Since being self-employed, I’ve divided my time between building applications for others and as working as a developer for 8BIT. Over the past couple of years, we’ve released a handful of WordPress Themes, but roughly a year ago began to narrowly focus our efforts on our flagship product: Standard.
Yesterday, the team launched Standard 3.0 For WordPress – a product that has been approximately nine months in development. As far as my professional career is concerned, I’m extraordinarily proud of what we’ve accomplished.
When I first came on board working for 8BIT, the initial version of Standard had been released and I was responsible for maintaining the theme and to continue improving it. As the product began to grow, we began to refine our vision for its ultimate goal. So, starting in October of 2011, we began scoping what would eventually become Standard 3.
Over the course of development, we released the final version of Standard 2, partnered with Automattic, and released Standard For WordPress.com.
Shortly thereafter, we began building our the rest of Standard Theme 3.0 For WordPress on top of the core theme released for WordPress.com.
It’s been fun and this release has a number of notable features that I’m particularly fond of, especially from the perspective of a developer:
- Standard has been built from the ground up using the native WordPress API’s (Options, Transiets, Widget, Plugin, and Settings) and follows the coding standards
- The codebase was audited by Automattic and the theme’s SEO was auditted by Joost de Valk.
- We’ve built the presentation layer using Twitter’s Bootstrap framework
- The internal code has been fully commented and documented
- We’ve worked hard to make sure we’re forcing users to make decisions, not present them with an array of options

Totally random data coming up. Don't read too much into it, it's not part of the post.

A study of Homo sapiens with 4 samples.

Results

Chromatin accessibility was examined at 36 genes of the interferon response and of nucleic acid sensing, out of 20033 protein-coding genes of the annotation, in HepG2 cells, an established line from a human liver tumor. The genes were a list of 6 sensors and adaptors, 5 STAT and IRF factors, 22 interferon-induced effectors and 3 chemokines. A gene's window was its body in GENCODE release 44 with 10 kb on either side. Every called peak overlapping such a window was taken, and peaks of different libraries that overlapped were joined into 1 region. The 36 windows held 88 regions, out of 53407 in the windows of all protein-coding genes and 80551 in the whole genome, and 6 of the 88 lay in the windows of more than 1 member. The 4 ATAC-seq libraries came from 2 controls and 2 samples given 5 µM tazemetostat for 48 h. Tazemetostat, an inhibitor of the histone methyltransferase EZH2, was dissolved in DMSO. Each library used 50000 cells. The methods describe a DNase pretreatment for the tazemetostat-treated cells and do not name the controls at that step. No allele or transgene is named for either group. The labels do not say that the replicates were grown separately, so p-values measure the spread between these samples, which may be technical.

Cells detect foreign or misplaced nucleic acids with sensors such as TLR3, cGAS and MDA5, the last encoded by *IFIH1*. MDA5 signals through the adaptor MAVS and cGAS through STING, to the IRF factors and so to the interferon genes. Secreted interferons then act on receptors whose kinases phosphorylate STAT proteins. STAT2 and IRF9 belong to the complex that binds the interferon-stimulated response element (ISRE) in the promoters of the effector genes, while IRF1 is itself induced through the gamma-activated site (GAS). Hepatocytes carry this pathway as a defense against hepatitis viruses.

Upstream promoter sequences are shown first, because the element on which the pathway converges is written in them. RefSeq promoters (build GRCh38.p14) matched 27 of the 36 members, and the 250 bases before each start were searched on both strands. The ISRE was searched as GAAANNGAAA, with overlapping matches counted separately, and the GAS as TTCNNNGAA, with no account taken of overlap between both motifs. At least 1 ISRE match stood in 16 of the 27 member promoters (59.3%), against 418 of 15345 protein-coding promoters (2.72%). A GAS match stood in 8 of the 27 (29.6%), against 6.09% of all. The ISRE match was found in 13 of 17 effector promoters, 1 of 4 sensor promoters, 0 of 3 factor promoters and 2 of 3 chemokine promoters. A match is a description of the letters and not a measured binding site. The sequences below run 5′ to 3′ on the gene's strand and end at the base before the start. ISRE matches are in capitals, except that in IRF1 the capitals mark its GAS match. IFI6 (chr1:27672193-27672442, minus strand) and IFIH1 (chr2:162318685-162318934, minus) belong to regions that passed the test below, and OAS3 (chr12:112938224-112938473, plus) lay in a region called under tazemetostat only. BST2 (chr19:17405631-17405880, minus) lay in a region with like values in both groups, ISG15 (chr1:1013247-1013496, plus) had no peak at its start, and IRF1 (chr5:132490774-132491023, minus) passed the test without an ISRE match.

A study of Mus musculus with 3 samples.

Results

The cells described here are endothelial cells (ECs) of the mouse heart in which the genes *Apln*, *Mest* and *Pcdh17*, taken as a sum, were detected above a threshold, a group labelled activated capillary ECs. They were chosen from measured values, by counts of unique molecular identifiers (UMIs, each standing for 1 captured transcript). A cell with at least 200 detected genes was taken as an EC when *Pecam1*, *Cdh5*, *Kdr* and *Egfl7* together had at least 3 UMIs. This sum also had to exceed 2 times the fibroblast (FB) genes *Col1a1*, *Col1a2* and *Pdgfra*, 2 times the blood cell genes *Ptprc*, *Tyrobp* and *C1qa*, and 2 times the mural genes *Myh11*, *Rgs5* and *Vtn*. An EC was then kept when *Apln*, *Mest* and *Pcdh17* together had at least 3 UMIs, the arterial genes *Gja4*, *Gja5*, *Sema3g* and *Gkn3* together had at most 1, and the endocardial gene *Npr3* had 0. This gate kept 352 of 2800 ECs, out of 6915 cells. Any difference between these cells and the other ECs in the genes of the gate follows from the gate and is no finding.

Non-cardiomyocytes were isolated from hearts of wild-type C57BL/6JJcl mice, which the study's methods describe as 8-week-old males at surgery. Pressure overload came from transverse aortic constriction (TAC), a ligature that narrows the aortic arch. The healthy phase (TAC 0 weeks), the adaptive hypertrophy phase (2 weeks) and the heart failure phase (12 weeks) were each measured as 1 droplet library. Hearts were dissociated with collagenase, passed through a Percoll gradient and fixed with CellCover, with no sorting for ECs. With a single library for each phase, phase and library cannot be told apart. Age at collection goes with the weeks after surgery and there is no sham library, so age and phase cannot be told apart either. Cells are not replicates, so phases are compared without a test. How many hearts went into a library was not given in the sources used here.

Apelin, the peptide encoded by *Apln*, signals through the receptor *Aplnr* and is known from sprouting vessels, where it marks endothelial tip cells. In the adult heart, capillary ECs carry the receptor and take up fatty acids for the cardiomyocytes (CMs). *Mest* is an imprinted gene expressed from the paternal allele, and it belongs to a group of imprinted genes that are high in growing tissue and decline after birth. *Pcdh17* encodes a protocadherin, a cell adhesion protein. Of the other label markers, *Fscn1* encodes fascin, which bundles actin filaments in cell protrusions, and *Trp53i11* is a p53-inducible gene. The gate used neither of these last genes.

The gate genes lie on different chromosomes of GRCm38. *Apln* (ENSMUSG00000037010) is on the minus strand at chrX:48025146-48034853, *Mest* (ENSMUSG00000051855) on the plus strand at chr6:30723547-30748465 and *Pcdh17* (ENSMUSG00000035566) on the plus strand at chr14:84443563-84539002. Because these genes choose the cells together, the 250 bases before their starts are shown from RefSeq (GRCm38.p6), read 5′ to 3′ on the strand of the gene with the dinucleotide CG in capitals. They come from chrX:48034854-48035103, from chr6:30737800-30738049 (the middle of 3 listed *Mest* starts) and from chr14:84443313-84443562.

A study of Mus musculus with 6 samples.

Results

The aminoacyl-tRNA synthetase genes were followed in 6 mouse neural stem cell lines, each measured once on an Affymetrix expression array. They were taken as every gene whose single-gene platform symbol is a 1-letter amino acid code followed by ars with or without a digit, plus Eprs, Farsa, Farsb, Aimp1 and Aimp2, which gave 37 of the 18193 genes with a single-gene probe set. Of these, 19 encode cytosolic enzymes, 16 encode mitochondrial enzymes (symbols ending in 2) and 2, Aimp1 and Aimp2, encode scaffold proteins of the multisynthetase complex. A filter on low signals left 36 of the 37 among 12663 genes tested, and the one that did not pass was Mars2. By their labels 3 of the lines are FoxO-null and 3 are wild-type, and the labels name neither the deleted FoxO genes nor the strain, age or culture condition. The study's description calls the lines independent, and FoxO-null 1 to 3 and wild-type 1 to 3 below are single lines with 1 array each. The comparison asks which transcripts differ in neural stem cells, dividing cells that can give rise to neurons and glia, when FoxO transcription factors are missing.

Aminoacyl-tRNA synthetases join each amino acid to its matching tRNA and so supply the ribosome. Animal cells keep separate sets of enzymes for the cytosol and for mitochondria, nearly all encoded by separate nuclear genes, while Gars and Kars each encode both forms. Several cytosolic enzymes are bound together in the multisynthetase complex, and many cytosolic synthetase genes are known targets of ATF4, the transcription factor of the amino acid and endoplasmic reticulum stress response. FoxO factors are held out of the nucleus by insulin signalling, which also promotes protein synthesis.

- We migrated all of work our to GitHub and fully adopted milestones, issues, code reviews, and more
- We employed numerous rounds of QA, released a few previews, and employed a small set of a beta testers to shake out any issues that would be missed during our traditional rounds of testing
- We conducted usability tests to gather feedback for how users perceived our work and made as many changes as possible prior to development
- And so much more.
Additionally, we worked hard to closely align the product’s interface with the native WordPress environment while also working to differentiate our features from native WordPress features:
Throughout launch week, the team shared a number of videos each of which highlighted our own unique perspectives that went into building Standard.
But software is never done and we continue to look forward to making this the standard – no pun intended, seriously – option for those who are looking to get into digital publishing.
And we have more to release – we believe that digital publishing starts when you’re offline so we’re also in the process of prototyping an analog product that we’ll begin shipping to a handful of support license customers later this summer.
Nonetheless, I’m proud of the release and look forward to continuing to improve it. Over time, I plan to discuss some of the engineering principles that went into creating some of the features of Standard in hopes that it will foster additional discussion around extending WordPress.